Neal Brown Could Learn from Bob Huggins’ Last Season

Sometimes coaches are too close to a situation to see it for what it is.  Last season, Bob Huggins suffered one of his worst seasons in his entire illustrious career as the West Virginia men’s basketball team finished a humiliating 15-21.

What I saw – what everyone saw – was a West Virginia team that was mired with many issues, but the most obvious problem was that the team was being led by players who did not prioritize the team before themselves.

Esa Ahmad and Wesley Harris were prematurely anointed “leaders of the team” due to their seniority.  Ahmad, a Senior, started 22 of 23 games this season for the Mountaineers, averaging 12.0 points and 5.8 rebounds per contest. Harris, a Junior, started in 17 of 22 games he appeared in, averaging 7.9 points and 4.5 rebounds.

They were productive players on the team, but they were far from leaders.  Their body language on the court was a clear indication of what we eventually discovered was going on in the locker room behind closed doors.  Ahmad and Harris were cancers on the team and should have been benched or removed from the team entirely way before Bob Huggins took action.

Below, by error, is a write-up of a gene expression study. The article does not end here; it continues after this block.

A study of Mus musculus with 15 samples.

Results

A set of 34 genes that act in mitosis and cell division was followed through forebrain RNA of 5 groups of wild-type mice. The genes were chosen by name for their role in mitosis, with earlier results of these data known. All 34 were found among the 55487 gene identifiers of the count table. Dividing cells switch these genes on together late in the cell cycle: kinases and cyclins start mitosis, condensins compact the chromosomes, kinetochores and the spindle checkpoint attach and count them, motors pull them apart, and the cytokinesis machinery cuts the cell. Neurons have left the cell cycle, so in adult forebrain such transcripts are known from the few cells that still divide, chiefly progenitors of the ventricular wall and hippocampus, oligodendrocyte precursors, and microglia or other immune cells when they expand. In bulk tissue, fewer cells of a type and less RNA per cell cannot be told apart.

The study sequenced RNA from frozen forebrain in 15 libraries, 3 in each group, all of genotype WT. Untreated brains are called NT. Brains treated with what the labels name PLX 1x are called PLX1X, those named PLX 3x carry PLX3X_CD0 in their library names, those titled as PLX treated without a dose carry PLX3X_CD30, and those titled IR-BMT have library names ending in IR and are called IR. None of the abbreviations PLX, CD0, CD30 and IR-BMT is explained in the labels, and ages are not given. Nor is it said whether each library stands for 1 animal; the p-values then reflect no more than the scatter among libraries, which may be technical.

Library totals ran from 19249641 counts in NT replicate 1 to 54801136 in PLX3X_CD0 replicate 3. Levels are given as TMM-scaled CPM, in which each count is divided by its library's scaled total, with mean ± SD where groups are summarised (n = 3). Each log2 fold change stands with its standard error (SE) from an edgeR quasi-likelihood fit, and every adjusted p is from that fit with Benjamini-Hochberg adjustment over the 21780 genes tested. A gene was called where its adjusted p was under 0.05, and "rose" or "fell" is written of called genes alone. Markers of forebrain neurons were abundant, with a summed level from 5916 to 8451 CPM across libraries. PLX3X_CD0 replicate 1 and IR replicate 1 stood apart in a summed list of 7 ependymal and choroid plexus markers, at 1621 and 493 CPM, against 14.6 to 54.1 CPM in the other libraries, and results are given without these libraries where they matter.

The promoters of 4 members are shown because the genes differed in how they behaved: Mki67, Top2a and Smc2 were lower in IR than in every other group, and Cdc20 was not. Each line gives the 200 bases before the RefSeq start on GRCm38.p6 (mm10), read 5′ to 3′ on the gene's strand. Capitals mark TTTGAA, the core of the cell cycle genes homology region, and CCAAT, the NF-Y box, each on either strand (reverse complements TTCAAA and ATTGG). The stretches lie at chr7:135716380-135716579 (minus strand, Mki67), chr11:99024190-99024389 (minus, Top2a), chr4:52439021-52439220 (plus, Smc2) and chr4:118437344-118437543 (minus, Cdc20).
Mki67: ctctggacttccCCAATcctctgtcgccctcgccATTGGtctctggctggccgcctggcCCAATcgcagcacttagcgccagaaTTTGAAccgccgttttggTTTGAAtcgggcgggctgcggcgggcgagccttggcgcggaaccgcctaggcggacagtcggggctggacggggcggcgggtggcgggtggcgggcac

Bob Huggins was too close to the situation.  He didn’t see what was obvious to everyone else, and by the time he did see it, it was too late.  The Mountaineers were 10-14 and their season was wasted.  

After Ahmad and Harris were dismissed, Huggins relied on young players (Jordan McCabe, Derek Culver and Emmitt Matthews, Jr., as well as Junior Jermaine Haley) and the team was almost instantaneously turned around, albeit far too late to matter.

The Mountaineers went 5-2 to close out the season, beating TCU and Iowa State in the regular season and Oklahoma and eventual NCAA Championship-finalist Texas Tech in the Big 12 Conference before losing to Kansas.

The point is, Bob Huggins waited to long and didn’t see what obviously was happening until it was too late.  Unfortunately, Neal Brown, the Head Coach of the West Virginia football team, has suffered a similar fate in his first season with the Mountaineers.

Any unbiased observers of the West Virginia football team sees that Austin Kendall is one of the major issues with the team.  The offensive line, the lack of running game, etc., can all be instantly improved with a quarterback capable of running and making throws expected of a collegiate quarterback.

Just as Bob Huggins eventually figured it out, Neal Brown will fix this and changes will be made that will fix the issues on the offense.  Huggins wasted an entire season last year and Brown is on the way to doing the very same thing.  Hopefully Brown sees it and make the needed changes before it’s too late.

Brad Smith is a Senior Writer for Mountaineer Sports. Smith is among the most influential sports writers in the state of West Virginia and is a proud West Virginia University Graduate. Smith lives with his beautiful wife and children in Morgantown.